Remember when I posted on the Milehimama Facebook page about how my 18 month old had strep throat and the only thing she would eat was her nursie-nursie? And no one even commented on that or batted an eye that I was nursing a child who could walk?
Y’all rock like that. Love my peeps. You get me.
But now I have to step to the other side of the mommy wars (who declared this war, anyway? Mostly mommies just want to relax and read three sentences in a row without someone asking a question. We don’t have the time or patience for a war. But I digress.)
Yep. We’re talking formula. (Because I’ve already tackled how having an epidural or c-section doesn’t mean you failed childbirth.) It is possible for a breastfeeding advocate and extended nurser to think it’s not the end of the world if a baby has a bottle, and that formula is not child abuse.
If you’ve been reading for a while, you might recall that soon after Baby J was born, I couldn’t nurse her. I had to pump and dump, because my breastmilk was toxic to her (yes, it happens.) For 6 weeks I fed her formula and fortunately, when I was well, she latched right on and never looked back. My babies have all been easy and copious nursers. We are blessed.
Specifically, I want to share my thoughts and hear what you guys are thinking about New York Mayor Bloomberg’s ban on formula in hospitals. Yes, in NYC the cans of formula will be kept under lock and key. Really. Also I heard the nursing staff are supposed to lecture postpartum mamas if they catch them- gasp- bottle feeding, and will have to sign out formula to the mothers.
Well. Here’s the thing. Most women are discharged 24 hours after giving birth, before their milk comes in. It seems to me that true breastfeeding encouragement and support would mean not sending moms home without a definite way to feed their hungry babies. For most, once Mom leaves the hospital there is no ongoing lactation support (possibly some through insurance, subject to copays and deductibles, of course.)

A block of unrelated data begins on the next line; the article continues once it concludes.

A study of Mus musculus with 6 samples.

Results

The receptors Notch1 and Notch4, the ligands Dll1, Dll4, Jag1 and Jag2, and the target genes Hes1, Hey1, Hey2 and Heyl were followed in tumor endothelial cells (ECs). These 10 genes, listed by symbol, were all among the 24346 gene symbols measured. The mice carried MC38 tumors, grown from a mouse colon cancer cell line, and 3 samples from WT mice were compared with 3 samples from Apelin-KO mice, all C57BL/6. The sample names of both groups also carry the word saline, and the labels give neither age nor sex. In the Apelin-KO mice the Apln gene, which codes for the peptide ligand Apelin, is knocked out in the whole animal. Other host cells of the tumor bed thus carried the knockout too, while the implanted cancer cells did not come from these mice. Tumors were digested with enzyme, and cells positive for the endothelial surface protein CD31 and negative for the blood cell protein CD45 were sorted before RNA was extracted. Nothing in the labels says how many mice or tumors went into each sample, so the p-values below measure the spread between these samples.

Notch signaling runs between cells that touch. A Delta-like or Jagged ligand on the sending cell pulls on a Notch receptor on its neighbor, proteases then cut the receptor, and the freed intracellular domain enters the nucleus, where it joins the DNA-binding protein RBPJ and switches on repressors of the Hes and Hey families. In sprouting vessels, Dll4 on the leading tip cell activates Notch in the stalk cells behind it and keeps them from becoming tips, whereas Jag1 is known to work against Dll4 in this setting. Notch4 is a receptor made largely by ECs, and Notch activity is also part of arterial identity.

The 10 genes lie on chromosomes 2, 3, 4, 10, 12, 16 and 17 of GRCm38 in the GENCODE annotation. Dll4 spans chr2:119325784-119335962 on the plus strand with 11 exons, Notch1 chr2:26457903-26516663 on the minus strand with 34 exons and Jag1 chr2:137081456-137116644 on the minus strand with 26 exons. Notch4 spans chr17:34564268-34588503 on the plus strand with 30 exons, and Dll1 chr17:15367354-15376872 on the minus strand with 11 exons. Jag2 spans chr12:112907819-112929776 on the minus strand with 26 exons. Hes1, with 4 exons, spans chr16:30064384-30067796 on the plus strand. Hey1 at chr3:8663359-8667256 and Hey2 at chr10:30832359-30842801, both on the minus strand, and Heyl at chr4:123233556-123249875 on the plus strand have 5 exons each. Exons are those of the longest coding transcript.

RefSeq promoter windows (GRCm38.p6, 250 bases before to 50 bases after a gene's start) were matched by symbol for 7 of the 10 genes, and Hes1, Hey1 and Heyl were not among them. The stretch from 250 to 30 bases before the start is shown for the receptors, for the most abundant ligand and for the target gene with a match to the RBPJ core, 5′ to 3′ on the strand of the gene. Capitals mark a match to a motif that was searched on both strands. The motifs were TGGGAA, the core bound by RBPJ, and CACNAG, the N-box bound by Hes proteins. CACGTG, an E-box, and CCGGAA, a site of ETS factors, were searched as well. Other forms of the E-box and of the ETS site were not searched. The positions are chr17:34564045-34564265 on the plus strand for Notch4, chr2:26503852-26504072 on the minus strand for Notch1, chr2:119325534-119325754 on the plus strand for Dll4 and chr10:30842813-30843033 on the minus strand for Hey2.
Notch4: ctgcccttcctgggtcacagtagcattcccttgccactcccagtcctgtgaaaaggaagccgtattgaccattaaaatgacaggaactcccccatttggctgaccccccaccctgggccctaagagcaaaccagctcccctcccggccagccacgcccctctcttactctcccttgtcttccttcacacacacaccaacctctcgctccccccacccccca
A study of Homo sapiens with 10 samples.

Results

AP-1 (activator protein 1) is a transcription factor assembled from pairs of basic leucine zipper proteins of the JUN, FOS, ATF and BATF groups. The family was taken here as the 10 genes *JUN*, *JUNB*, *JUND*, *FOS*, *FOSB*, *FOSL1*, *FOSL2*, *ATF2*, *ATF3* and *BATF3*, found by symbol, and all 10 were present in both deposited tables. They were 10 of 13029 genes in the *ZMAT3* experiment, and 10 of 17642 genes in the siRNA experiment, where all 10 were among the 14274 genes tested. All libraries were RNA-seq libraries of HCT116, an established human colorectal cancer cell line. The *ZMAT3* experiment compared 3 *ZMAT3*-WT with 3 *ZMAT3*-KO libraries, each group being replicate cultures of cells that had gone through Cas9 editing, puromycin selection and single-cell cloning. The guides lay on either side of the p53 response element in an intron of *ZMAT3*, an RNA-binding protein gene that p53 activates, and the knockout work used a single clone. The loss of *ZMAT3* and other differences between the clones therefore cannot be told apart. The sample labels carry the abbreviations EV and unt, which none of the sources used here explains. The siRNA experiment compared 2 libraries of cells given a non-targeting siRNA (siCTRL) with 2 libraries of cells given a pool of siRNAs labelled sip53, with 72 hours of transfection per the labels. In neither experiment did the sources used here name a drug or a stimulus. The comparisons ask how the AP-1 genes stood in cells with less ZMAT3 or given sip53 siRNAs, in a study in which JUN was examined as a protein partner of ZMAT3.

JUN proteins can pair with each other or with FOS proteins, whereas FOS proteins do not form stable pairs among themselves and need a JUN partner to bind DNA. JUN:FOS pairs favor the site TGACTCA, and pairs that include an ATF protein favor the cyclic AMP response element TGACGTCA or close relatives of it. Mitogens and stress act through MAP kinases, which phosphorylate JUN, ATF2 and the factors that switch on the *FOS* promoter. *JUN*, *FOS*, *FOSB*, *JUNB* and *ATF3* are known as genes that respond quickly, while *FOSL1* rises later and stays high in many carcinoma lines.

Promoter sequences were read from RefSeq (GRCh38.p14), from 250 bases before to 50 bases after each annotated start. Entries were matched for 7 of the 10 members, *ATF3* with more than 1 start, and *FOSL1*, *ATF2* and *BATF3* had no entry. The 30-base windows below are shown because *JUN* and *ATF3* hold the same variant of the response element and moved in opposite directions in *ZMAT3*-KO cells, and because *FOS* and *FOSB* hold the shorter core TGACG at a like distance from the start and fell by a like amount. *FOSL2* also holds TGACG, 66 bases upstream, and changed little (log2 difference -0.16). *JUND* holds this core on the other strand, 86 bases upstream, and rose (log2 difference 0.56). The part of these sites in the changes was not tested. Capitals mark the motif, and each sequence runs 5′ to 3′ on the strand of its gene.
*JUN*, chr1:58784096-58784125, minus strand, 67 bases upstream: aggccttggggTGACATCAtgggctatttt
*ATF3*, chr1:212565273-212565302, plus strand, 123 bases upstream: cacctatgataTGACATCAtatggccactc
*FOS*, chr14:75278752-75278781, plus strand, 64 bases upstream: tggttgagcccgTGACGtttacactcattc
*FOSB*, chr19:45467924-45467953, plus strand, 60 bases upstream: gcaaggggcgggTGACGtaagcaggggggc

Two days after childbirth when Mama is engorged, baby is in the sleepy phase, things are tricky and painful, the nipples are cracked and neither one seems to get the hang of it… that’s when even women who planned to breastfeed are tempted to turn to formula.
So, Mayor Bloomberg, perhaps instead of requiring nurses to lecture bottle feeding moms, you should consider requiring home lactation visits and support lactation mentoring programs, doulas, and midwives instead. Just a thought.
Don’t send a mom home before her milk is in, leave her on her own, AND make her feel like a criminal for considering formula.
I haven’t even touched on the broader issue of private enterprise and parental rights. However, consider this: formula is a legal product, and the sale is not restricted in any way. Formula is not as good as breast milk *in general*, but it’s not illegal. It’s not addictive, it’s not a medication, and in fact our government pays for millions of cans of formula to be given to moms through the WIC program. So where does some local dictator get off telling private companies what they can give – for free- to private citizens?
Especially when the government gives out formula at no cost to mothers?
What say you? Is the formula ban a step in the right direction, or is it unwelcome government intrusion that violates parental rights? Is the right of a mother to feed her child the way she sees fit- formula or breast- fundamental and inviolable, even in the hospital?
(My peeps rock and I know you’ll keep it thoughtful, civil, and decent in the comments. So I won’t have to moderate y’all, right?)